Scott Miskey (BSc ’20, MSc ’23) failed several courses when he first started his undergraduate degree at Brock in 2012.
Despite his rocky start, he finished his graduate degree with a 98 per cent average.
At Brock University’s 113th Convocation ceremony Friday, June 16, Miskey was recognized in absentia with the Governor General’s Gold Medal, an award presented annually at Spring Convocation to the graduate student with the highest academic average.
He is also this year’s Faculty of Mathematics and Science graduate student recipient of the Board of Trustees Spirit of Brock Medal, which honours students who demonstrate leadership, courage, innovation, inspiration and community involvement.
A decade ago, Miskey would never have dreamed of receiving such prestigious awards. At the time, he’d recently quit school after failing some courses in Brock’s Neuroscience program and was working in the Alberta oil fields with his uncle.
“I didn’t take school seriously,” he said. “My parents wanted me to go to university, but I didn’t really know what I wanted to do.”
His oil rig career didn’t last long. Less than a year into his physically demanding job, Miskey exchanged oil pipes for chemistry pipettes and gave university another chance.
He returned to Brock in 2014 with a new outlook, but his grades didn’t improve much.
Then, during a second-year organic chemistry class, Miskey heard a guest lecture from the late Professor Tomáš Hudlický.
“He talked about the structure of morphine and the synthesis of naturally occurring opioids,” said Miskey. “I found that really interesting so I decided to volunteer for his lab.”
The hands-on learning opportunity changed his mindset.
“I think that most people learn by doing, and the best way to ‘do’ is with guidance from experts in the field,” he said. “Getting the practical aspect, compared to just the theoretical, helped me more deeply understand the subject matter. It really improved my academics.”
While working in Hudlický’s lab, Miskey learned skills and knowledge in organic synthesis. In addition to assisting with purifying compounds and performing simple chemistry reactions to make natural products from scratch, Miskey joined group meetings and got a taste of working in research.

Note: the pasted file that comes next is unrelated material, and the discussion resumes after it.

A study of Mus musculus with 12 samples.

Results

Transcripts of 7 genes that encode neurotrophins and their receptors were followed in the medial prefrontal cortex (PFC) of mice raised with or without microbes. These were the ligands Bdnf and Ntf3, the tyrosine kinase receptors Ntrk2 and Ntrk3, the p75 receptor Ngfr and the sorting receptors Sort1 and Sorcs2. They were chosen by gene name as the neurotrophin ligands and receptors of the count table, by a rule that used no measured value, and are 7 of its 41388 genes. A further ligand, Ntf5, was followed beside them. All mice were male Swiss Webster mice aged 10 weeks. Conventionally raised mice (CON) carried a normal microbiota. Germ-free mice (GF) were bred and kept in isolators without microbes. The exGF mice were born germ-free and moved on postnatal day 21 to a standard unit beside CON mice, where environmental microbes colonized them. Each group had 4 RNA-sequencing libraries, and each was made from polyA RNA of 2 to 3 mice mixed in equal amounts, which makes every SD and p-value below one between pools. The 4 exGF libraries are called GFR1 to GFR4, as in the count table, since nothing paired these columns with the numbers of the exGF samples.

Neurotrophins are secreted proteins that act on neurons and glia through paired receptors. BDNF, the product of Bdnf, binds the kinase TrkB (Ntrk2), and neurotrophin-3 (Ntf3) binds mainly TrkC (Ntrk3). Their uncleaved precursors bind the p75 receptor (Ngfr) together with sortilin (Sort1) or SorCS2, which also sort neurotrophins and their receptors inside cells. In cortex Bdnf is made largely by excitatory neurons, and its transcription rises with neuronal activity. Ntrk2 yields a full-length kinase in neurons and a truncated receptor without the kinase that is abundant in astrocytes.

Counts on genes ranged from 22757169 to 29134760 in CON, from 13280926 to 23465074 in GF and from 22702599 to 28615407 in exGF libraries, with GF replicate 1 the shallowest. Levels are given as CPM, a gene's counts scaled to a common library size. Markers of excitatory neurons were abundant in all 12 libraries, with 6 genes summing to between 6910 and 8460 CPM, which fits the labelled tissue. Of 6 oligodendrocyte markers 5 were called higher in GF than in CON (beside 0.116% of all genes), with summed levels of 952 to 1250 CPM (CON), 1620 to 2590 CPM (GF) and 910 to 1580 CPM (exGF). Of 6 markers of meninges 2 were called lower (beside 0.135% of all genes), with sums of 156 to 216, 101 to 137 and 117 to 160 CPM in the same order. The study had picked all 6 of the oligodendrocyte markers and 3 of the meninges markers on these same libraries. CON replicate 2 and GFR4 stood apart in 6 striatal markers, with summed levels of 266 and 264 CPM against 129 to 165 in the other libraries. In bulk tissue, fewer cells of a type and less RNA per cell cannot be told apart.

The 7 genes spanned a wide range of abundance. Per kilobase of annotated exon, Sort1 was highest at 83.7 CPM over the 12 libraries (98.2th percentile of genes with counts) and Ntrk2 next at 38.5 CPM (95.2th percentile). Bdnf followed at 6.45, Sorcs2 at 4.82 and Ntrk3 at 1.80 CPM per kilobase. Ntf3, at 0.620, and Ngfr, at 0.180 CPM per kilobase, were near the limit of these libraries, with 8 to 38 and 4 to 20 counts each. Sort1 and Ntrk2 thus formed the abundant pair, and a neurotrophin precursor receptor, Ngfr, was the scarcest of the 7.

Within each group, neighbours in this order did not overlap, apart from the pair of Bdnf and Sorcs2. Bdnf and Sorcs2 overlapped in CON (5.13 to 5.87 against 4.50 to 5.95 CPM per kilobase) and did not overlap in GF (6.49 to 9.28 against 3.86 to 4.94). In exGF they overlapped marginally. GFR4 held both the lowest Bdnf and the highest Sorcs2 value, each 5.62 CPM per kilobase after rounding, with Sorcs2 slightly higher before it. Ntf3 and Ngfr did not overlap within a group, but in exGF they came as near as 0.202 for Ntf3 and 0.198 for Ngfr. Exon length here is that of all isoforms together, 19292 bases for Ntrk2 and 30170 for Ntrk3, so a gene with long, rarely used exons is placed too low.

Miskey spent much of his time in the lab working on his undergraduate thesis, which was an approach to a total synthesis of a natural product called daphenylline.
After graduating in 2020 with a Bachelor of Science in Chemistry and Mathematics, Miskey continued his research and involvement with the lab via a master’s degree in chemistry.
Soon after completing his graduate thesis, Miskey was offered a job with Gilead Sciences at a satellite site in Seattle, Wash. As a medicinal chemist, he works on compounds that are expected to treat inflammation and cancer.
Miskey credits his academic and career success to taking an active role in his education.
“Intelligence can only get you so far,” he said. “It’s about your attitude, behaviour and habits.”
He advises students to volunteer as research assistants, give their undivided attention to lessons, ask questions and visit instructors during their office hours.
Although he was not at Convocation to accept the two medals recognizing his achievements, Miskey is proud of his academic journey and is grateful for the practical approach to learning he experienced.
“I thank Brock for the recognition,” he said. “I am especially grateful to the late T-Hud for allowing me into his group, transferring to me some of his knowledge in the art of chemical synthesis, and mentoring me during these formative years.”